An easy A or a question of belief: pupil attitudes to Catholic religious education in Croatiaby Boris Jokić, Linda Hargreaves

British Journal of Religious Education

2014
DOI
10.1080/01416200.2014.905451


Boris Jokića & Linda Hargreavesb a Centre for Educational Research and Development, Institute for

Social Research in Zagreb, Zagreb, Croatia b Faculty of Education, University of Cambridge, Cambridge, UK

Published online: 28 Apr 2014.

To cite this article: Boris Jokić & Linda Hargreaves (2015) An easy A or a question of belief: pupil attitudes to Catholic religious education in Croatia, British Journal of Religious Education, 37:1, 4-19, DOI: 10.1080/01416200.2014.905451

To link to this article: http://dx.doi.org/10.1080/01416200.2014.905451


Boris Jokića* and Linda Hargreavesb aCentre for Educational Research and Development, Institute for Social Research in Zagreb, Zagreb, Croatia; bFaculty of Education, University of Cambridge,

Cambridge, UK

This paper describes the results of a mixed model research that, as the first of its kind, aimed to determine the nature of, and underlying factors influencing, Croatian elementary pupils’ attitudes towards confessional

Catholic religious education (RE). Analyses of the questionnaire responses of the eighth-grade pupils from the stratified sample of schools revealed generally positive attitudes towards confessional RE as well as homogeneity with respect to academic achievement and higher estimations of girls. Qualitative analyses offered more critical pupil perspectives on RE and its delivery. From the triangulation of the data, three separate elements emerged as the foundation of the attitudes towards RE. The first and primary influence is the exposure to religious sentiment and values from their families. Secondly, pupil attitudes are affected by their own personal development and a growing ability to critically observe the world around them. Finally, the methods through which RE is delivered and assessed also serve as a strong contributor to pupils’ attitudes. The voices of pupils demand an adoption of a more dialectical approach to teaching and learning, and lesser reliance on catechesis which could reflect positively on the attitudes of all pupils, and especially of those who are most critical of the subject.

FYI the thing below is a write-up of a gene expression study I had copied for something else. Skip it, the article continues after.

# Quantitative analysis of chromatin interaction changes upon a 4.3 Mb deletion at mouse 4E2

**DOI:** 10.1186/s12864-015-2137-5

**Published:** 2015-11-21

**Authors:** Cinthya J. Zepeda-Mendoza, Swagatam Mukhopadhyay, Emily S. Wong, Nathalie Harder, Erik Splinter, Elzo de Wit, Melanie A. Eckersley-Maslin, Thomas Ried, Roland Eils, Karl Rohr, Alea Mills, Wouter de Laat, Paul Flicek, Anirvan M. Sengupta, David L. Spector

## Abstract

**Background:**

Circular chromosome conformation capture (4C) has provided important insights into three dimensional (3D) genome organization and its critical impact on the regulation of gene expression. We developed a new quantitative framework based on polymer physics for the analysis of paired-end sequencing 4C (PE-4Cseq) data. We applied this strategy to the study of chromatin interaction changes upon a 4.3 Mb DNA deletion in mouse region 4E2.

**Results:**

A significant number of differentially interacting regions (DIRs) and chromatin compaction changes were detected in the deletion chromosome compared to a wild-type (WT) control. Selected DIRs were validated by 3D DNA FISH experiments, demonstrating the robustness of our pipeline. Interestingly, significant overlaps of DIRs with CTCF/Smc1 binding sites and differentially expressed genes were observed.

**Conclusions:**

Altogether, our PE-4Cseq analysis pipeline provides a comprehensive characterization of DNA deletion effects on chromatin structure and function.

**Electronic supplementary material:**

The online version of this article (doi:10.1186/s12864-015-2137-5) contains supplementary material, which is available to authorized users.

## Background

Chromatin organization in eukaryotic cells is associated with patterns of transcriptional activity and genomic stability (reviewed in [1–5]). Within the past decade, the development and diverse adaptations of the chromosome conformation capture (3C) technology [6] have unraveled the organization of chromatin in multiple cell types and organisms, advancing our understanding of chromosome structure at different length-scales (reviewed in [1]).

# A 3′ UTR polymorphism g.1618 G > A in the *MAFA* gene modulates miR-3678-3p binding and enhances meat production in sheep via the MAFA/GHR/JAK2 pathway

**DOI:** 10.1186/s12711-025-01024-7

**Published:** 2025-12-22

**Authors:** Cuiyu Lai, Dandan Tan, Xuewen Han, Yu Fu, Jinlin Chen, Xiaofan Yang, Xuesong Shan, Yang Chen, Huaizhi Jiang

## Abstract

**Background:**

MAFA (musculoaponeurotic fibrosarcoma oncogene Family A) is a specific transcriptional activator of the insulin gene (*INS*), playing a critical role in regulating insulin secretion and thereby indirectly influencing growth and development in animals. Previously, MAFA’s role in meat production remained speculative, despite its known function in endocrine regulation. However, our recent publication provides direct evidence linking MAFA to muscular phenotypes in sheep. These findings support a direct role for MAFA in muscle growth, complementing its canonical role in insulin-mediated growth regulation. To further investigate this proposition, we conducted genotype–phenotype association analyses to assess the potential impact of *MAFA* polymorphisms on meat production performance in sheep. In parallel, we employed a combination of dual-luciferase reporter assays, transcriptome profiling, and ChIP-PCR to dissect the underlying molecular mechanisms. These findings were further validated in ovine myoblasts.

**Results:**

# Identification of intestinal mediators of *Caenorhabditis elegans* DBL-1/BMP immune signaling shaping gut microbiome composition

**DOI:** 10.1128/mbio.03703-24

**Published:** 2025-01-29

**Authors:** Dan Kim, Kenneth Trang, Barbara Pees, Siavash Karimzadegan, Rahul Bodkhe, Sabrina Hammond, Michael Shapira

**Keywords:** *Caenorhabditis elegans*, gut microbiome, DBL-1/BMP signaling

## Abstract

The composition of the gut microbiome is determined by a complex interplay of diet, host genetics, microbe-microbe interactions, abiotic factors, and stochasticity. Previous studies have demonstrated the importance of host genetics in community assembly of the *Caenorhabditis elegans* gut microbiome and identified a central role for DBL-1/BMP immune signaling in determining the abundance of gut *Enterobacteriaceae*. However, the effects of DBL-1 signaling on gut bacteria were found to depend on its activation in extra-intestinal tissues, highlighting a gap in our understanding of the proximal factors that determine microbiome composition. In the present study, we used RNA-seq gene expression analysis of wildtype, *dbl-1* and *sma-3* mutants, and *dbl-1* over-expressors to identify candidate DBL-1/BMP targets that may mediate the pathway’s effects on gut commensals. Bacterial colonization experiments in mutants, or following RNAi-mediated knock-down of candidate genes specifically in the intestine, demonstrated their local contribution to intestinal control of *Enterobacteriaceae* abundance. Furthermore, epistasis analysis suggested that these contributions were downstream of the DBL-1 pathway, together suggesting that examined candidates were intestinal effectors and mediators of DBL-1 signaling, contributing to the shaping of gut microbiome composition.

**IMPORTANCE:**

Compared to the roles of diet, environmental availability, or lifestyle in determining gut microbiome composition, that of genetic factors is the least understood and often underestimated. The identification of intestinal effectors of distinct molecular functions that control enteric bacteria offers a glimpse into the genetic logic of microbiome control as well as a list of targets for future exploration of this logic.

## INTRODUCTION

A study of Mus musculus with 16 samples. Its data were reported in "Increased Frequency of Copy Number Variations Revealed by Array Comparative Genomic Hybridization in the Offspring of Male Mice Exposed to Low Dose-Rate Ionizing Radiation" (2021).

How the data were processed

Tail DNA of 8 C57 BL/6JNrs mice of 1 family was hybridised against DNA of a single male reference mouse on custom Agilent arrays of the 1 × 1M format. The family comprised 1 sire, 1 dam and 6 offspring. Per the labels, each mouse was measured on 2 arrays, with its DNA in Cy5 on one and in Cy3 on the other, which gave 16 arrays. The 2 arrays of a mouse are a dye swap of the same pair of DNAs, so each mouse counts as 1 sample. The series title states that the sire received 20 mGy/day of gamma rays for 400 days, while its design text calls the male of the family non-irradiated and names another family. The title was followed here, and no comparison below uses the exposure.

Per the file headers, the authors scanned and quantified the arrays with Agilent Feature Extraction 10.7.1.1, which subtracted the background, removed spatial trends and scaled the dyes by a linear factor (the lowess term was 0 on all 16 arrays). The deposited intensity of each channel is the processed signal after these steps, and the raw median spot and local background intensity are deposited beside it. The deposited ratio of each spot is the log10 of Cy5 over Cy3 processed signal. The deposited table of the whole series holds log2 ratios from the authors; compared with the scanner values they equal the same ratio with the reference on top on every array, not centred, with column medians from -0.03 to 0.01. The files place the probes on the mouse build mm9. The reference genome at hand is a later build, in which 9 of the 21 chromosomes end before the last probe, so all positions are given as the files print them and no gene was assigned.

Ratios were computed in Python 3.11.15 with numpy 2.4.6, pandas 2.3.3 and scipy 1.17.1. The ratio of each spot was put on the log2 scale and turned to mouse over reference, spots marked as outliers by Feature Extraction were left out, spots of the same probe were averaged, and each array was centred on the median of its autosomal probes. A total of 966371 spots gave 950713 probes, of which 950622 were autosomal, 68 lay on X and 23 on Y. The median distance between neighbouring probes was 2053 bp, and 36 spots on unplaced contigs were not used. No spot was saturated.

Keywords: confessional religious education; attitudes; pupil voice

Introduction

In the 1991–1992 school year, Catholic religious education (RE) was introduced into the Croatian state education system.1 Based on some of the existing models of classification, RE in Croatian compulsory education can be characterised as ‘education into religion’ (Hull 2001), denominational in its approach (Schreiner 2002), or explicit and confessional (Ashton 2000).

From a Croatian Catholic theological stance, Razum (2008) defines it as a strictly confessional model or ‘school catechesis’. Children in Croatia start compulsory schooling at an average age of seven and are offered RE as an *Corresponding author. Email: boris@idi.hr © 2014 Christian Education

British Journal of Religious Education, 2015

Vol. 37, No. 1, 4–19, http://dx.doi.org/10.1080/01416200.2014.905451


Arguably, although RE is an elective subject in Croatian elementary education, both the very high percentage of pupils attending the subject and its ‘obligatory’ character render its ‘electiveness’ somewhat relative.

This paper presents pupils’ perspectives regarding RE based on a largescale questionnaire survey and, more importantly, through the pupils’ own words from an in-depth longitudinal school case study. As the first of its kind in the Croatian context, this study aimed to determine the nature of, and underlying factors influencing, Croatian elementary pupils’ attitudes towards confessional Catholic RE. Fundamental to the study was a wish to understand pupils’ experience of the educational process and the curricular content they encounter in RE classes. In doing so, it raises questions as to the effectiveness of, and the justification for, RE’s place in the curriculum. We begin with a brief historical section to contextualise the issues to be presented.